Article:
On May 20th-24th in Washington, D.C., the Johns Hopkins Center for Injury Research and Policy, the Swedish Transport Administration – Trafikverket, the Institute of Transportation Engineers, the AAA Foundation for Traffic Safety, and the FIA Foundation hosted a five-day course that thoroughly explored Vision Zero, a comprehensive approach to road safety. The Academy emphasized integrating systematic, technological, and equitable measures to achieve zero traffic fatalities, aiming to enhance participants’ knowledge and skills in this approach. 

Day One of the Academy highlighted the paradigm shift in road safety from individual responsibility to a systemic approach. Vision Zero, which originated in Sweden, has now gained global traction. The first day's discussions underscored the ethical imperative that no loss of life is acceptable, focusing on speed management, equity, technology integration, and community engagement as central tenets.

On Day Two, the Academy delved deeper into the systems approach to safety, acknowledging the fragility of the human body and the need for comprehensive strategies to manage kinetic energy in crashes. The discussions highlighted the importance of vehicle technology advancements, such as automatic braking systems, and the vulnerability of road users like pedestrians and cyclists. Proactive risk management strategies, intersectionality, and equity were also key themes, stressing the need for targeted design and policy interventions to address the disparities faced by high-risk groups.

Day Three focused on innovative traffic calming techniques, vehicle interventions, and the critical role of vehicle speed in ensuring safety. The Academy explored Sweden's successful methods, such as chicanes, speed humps, and active speed bumps, which target speed violators. The integration of Vision Zero principles into organizational policies, effective speed camera programs, and the holistic use of data were emphasized as essential components for improving road safety. The importance of equity in traffic safety measures was highlighted, ensuring that all communities benefit fairly from safety interventions.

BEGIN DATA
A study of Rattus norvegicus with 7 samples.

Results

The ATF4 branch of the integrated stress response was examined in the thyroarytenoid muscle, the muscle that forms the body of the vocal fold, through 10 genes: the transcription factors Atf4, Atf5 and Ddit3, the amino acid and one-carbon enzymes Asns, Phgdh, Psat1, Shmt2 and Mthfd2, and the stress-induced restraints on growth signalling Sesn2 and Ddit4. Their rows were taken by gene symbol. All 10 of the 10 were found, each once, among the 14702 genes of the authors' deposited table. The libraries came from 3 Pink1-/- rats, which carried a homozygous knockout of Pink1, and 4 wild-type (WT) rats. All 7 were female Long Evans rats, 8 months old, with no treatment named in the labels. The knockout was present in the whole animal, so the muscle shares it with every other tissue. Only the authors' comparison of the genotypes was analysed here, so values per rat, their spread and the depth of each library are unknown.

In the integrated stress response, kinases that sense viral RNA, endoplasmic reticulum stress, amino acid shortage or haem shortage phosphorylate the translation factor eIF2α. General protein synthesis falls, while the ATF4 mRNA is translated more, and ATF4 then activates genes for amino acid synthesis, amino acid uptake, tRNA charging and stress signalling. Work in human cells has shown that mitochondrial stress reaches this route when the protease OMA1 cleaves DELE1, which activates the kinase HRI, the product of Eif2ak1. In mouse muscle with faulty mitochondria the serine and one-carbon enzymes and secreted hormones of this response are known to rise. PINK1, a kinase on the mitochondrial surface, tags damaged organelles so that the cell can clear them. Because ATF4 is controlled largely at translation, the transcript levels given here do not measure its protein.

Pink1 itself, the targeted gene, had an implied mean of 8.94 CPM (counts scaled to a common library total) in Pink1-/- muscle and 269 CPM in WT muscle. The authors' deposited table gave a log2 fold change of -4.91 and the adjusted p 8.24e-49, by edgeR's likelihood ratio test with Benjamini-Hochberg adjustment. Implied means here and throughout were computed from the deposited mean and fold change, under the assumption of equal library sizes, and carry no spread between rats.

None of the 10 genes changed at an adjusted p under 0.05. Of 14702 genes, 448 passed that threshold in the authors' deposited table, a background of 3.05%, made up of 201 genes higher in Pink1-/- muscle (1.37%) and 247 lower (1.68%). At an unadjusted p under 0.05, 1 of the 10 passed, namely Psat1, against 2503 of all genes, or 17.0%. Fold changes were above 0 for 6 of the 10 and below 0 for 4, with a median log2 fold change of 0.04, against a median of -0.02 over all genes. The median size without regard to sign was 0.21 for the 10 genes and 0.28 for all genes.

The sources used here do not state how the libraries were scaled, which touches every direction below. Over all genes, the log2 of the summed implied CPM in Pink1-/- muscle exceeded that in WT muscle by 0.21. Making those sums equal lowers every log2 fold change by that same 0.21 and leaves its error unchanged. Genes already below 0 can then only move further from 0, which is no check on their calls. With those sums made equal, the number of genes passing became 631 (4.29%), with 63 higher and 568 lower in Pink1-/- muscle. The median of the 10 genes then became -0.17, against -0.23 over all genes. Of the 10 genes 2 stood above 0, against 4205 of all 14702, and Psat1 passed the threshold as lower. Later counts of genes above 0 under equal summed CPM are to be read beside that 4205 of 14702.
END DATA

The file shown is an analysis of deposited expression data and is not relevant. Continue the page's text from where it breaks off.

On Day Four, the discussions shifted to amplifying survivor voices and proactive risk assessment. The Academy emphasized the need for advanced vehicle technologies that monitor driver status and the effectiveness of emergency medical services in preventing trauma deaths. The role of equity in road safety was further discussed, focusing on ensuring that safety features are accessible to all and not just add-ons in new cars. The day's sessions reinforced the holistic approach needed to incorporate proactive risk management, effective intersection design, and post-crash care to achieve Vision Zero goals.

Finally, on Day Five, the Academy summarized the historical foundations of Vision Zero, influenced by mid-60s safety advocates like Ralph Nader. It stressed the importance of sustained work, systematic planning, and a lead agency for successful implementation. Sweden's approach of focusing on what caused injuries rather than crashes was highlighted, along with the significant safety benefits of measures like 2+1 roads with median barriers and speed safety cameras. Building and maintaining support for the Safe System through effective communication and outreach were underscored, as was the crucial role of strong leadership in driving cultural change and implementing Vision Zero successfully.

The U.S. Traffic Safety Technology Symposium at House of Sweden

Two groups of people having a conversation.


As part of the Vision Zero Academy, on May 22 in Washington, D.C., the Johns Hopkins Center for Injury Research and Policy, the Swedish Transportation Administration, and the Embassy of Sweden hosted a Technology Symposium at the House of Sweden. Attendees of this event explored U.S. and Swedish road safety technologies relevant to the Safe System approach and connected with key stakeholders in transportation safety.